EVOCATIVE OF MEMORIES: R. Nataraj, DGP (Prisons), visited the erstwhile Central Jail complex near the Government General Hospital in Chennai on Monday. —

Special Correspondent

The property to be handed over to departments concerned before March

CHENNAI: The proposal to demolish the buildings that housed the Central Prison, near Government General Hospital, has been forwarded to the State government. Public Works Department officials entrusted with the demolition work said they had been instructed to complete the work immediately and hand over the property to the departments concerned before March.

R. Nataraj, Director General of Police (Prisons), who visited the complex, said the erstwhile prison, spread over 14.3 acres, had become logistically unsafe to house prisoners and the structures were dilapidated.

About 1.02 acres of prison land was handed over in 1992 for expansion of suburban railway routes. Another acre is required to set up an electrical substation for the Metro Rail project. The rest of the land will be used to build a state-of-the-art blood bank for the Government General Hospital.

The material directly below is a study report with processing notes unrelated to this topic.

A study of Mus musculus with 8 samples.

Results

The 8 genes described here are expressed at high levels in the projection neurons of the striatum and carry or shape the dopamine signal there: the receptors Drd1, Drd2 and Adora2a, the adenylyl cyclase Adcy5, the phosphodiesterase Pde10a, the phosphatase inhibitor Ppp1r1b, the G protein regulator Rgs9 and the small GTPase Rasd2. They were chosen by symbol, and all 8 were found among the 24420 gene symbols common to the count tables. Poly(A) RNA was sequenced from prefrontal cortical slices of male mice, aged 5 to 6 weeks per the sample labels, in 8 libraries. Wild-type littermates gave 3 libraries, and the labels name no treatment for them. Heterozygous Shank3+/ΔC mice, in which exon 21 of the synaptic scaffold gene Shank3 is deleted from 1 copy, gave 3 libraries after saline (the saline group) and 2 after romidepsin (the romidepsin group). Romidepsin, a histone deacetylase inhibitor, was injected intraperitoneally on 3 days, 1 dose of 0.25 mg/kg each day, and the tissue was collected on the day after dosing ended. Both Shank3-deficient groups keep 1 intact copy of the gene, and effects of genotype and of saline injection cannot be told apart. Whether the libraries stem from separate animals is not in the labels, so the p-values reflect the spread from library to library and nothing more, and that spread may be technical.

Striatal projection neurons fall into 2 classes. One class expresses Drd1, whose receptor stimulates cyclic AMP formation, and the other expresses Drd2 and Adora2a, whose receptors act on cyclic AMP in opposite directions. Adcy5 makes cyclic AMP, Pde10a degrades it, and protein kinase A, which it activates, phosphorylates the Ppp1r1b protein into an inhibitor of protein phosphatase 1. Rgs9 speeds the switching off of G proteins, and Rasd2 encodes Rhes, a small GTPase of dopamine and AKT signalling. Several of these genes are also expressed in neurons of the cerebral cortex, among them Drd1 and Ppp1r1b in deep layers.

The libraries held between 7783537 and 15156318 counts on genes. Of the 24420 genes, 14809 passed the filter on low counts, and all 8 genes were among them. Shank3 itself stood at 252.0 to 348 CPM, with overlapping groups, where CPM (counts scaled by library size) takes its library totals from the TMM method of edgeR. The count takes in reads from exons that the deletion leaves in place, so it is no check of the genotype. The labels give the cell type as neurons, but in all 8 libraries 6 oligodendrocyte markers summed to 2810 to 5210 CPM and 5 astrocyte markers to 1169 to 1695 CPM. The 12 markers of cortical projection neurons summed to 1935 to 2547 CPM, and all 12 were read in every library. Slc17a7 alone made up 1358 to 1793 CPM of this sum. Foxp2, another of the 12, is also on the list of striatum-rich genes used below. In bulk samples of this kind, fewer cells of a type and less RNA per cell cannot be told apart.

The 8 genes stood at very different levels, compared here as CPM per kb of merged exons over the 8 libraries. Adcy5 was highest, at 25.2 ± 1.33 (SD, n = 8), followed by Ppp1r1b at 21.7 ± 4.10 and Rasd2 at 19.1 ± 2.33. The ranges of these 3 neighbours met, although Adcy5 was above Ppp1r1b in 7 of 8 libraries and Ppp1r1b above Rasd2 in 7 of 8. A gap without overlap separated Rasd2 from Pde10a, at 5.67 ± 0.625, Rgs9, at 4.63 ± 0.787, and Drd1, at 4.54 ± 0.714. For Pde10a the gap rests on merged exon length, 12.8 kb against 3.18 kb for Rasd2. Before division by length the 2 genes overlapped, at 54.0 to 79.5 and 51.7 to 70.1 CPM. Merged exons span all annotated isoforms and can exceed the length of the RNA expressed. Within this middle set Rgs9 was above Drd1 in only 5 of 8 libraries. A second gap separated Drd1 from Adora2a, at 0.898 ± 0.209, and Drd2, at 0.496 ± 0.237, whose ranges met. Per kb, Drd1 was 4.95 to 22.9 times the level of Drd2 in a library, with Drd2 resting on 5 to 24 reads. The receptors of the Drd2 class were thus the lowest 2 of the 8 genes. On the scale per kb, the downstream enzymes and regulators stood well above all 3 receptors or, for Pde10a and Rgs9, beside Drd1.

Central Jail, built in 1837, is among the oldest in the country and used to be known as Madras Penitentiary until 1855 when it was renamed as Central Jail. Freedom fighter Veer Savarkar was housed here before being shipped to the Andaman jail.

The first Superintendent of Police for Prisons held the position for 10 years. It was only in 1961 that a police officer of the rank of an Inspector General was posted, Mr. Nataraj said.

He recalled the escape of two international smugglers in 1968, ‘Auto’ Sankar in 1990 and eight LTTE supporters in 1994. The prison also saw a bloody riot in 1999 in which a jailor was burnt to death.

Three Chief Ministers, including C.N. Annadurai, M. Karunanidhi and Jayalalithaa, besides a number of other political leaders were imprisoned in the verdant complex at various points of time.

Death by hanging was discontinued in 1970 after the Presidential pardon of two prisoners on Gandhi Jayanthi Day, he said.